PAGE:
Sales of existing homes declined again in September according
to information released Wednesday by the National Association of Realtors®
(NAR) but the third quarter overall was better than analysts had predicted.
Total existing home sales which include single family houses, town houses,
and condos were down 8 percent to a seasonally adjusted annual rate of 5.04
million units from an August figure of 5.48 million units, a figure which was
also lower than had originally been reported. The September figures are 19.1
percent lower than the 6.23 million unit level of sales in September 2006.
However, the third quarter finished at a 5.42 million unit sales pace when
NAR analysts had expected only 5.38 million.
The NAR report blamed the sales decline on temporary problems in the mortgage
market which disrupted sales and distorted prices on sales closed during the
month. Lawrence Yun, NAR's senior economist, said the numbers are understandable.
were peaking back in August when many
of the September closings were being negotiated, and that slowed sales notably
in higher priced areas that rely more on jumbo loans," he said. "The
is that mortgage availability has markedly improved
in recent weeks with interest rates on jumbo loans falling, and more people
are applying for safer and conforming FHA mortgage products. Some of the cancelled
transactions will move forward as buyers apply for other loans."
The median price for all housing types was $211,700 in September, down 4.2 percent
from the median price one year earlier, $220,900.
The report speculated that the decline in median price was attributable to a
distortion in the sales pattern. Because there have been problems with obtaining
jumbo loans, proportionately more low priced homes were sold. Where buyers are
not so dependent on jumbos, as in the Midwest, median prices actually increased.
The backlog of available housing crept up 0.4 percent in September. There are
now 4.4 million existing homes for sale. At the present sales rate this represents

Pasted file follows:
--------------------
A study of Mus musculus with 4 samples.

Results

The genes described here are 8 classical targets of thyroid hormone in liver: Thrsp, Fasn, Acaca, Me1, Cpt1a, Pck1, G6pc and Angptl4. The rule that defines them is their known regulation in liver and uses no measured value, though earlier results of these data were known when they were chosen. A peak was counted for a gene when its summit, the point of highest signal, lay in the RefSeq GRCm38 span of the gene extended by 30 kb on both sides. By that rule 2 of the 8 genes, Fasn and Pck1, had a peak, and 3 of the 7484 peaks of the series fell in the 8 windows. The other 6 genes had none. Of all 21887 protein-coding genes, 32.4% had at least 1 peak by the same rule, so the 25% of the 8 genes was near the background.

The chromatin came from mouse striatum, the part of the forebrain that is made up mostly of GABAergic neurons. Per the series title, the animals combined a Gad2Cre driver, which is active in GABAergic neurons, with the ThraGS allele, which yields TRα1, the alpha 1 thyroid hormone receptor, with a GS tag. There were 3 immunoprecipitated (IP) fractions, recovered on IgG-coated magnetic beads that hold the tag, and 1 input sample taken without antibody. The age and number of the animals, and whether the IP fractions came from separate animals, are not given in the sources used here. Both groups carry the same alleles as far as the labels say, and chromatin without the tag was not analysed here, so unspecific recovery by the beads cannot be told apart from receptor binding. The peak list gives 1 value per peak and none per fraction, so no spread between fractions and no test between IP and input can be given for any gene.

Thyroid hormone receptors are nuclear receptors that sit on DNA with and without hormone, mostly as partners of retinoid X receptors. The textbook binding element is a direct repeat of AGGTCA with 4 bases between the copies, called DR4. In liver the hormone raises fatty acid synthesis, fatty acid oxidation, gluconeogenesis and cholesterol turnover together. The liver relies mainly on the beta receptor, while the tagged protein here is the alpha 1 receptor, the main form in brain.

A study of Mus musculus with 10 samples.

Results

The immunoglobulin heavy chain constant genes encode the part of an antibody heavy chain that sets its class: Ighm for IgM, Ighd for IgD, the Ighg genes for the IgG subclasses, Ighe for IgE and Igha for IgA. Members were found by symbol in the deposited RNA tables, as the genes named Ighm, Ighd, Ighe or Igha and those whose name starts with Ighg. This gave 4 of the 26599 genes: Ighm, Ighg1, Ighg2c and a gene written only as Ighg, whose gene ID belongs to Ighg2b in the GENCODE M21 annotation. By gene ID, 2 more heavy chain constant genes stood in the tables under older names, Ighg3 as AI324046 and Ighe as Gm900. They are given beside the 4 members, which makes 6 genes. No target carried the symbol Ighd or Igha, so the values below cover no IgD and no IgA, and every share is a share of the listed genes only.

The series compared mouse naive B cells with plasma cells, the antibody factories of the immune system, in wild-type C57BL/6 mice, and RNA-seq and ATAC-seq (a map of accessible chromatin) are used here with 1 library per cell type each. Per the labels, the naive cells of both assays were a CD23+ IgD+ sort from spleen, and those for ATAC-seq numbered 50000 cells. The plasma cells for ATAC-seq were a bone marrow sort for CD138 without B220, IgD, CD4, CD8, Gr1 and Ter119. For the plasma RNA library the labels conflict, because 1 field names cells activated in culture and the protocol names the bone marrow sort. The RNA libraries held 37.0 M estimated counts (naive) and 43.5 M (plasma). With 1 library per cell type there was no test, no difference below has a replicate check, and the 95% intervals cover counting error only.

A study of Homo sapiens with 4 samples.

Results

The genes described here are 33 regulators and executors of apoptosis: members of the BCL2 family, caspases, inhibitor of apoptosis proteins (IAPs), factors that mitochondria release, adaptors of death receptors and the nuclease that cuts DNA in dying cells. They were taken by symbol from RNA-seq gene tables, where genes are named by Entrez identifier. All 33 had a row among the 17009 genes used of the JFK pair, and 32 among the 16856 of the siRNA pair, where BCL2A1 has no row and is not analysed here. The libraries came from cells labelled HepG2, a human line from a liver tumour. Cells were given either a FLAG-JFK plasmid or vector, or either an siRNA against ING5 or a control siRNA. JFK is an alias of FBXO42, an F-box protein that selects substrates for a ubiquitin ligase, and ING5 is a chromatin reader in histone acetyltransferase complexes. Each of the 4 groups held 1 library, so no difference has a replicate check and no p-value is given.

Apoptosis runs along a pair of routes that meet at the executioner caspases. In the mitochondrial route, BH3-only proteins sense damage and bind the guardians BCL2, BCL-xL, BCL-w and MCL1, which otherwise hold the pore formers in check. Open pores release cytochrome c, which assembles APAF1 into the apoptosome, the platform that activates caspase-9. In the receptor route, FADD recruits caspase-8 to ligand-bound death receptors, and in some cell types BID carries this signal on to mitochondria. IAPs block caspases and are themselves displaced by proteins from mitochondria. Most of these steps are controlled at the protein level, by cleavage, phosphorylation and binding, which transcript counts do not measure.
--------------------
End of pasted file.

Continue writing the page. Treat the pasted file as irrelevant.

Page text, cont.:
a 10.5 month supply as compared to a 9.6 month supply in August.
"It appears raw inventories are stabilizing, but the housing supply is
a bit inflated now because the sales pace does not reflect underlying market
conditions - sales were dampened by the mortgage cancellations,"
Yun explained. "Once the pent-up demand begins to move, we'll see
housing supplies begin to ease and then prices will edge up."
Single-family home sales dropped 8.6 percent to a seasonally adjusted annual
rate of 4.38 million in September from 4.79 million in August, and are 19.8
percent below 5.46 million-unit pace in September 2006. The median single-family
home price was $210,200 in September, down 4.9 percent from a year ago.
Existing condominium and co-op sales were off 4.3 percent to a seasonally adjusted
annual rate of 660,000 units from 690,000 in August, and are 14.7 percent below
the 774,000-unit level in September 2006. The median existing condo price was
$221,700 up 1.4 percent from a year ago.
Sales in the South declined 6.0 percent in September to an annual pace of 2.05
million, and are 18.7 percent below 2006 figures. The median price was $174,400,
down 5.5 percent from last September.
In the Midwest, existing-home sales were down 7.0 percent to an annual rate
of 1.19 million in September, and are 16.2 percent below September 2006. The
median price rose 1.4 percent from one year ago to $170,700.
Existing-home sales in the West fell 9.9 percent in September to a level of
910,000, and are 27.8 percent below a year ago. The median price in the West
was $308,900, which is 8.8 percent lower than September 2006.
Sales in the Northeast fared the worst, dropping 10.0 percent since August to
a pace of 900,000, which is 13.5 percent lower than September 2006. The median
price in the Northeast was $261,700, up 0.5 percent from a year ago.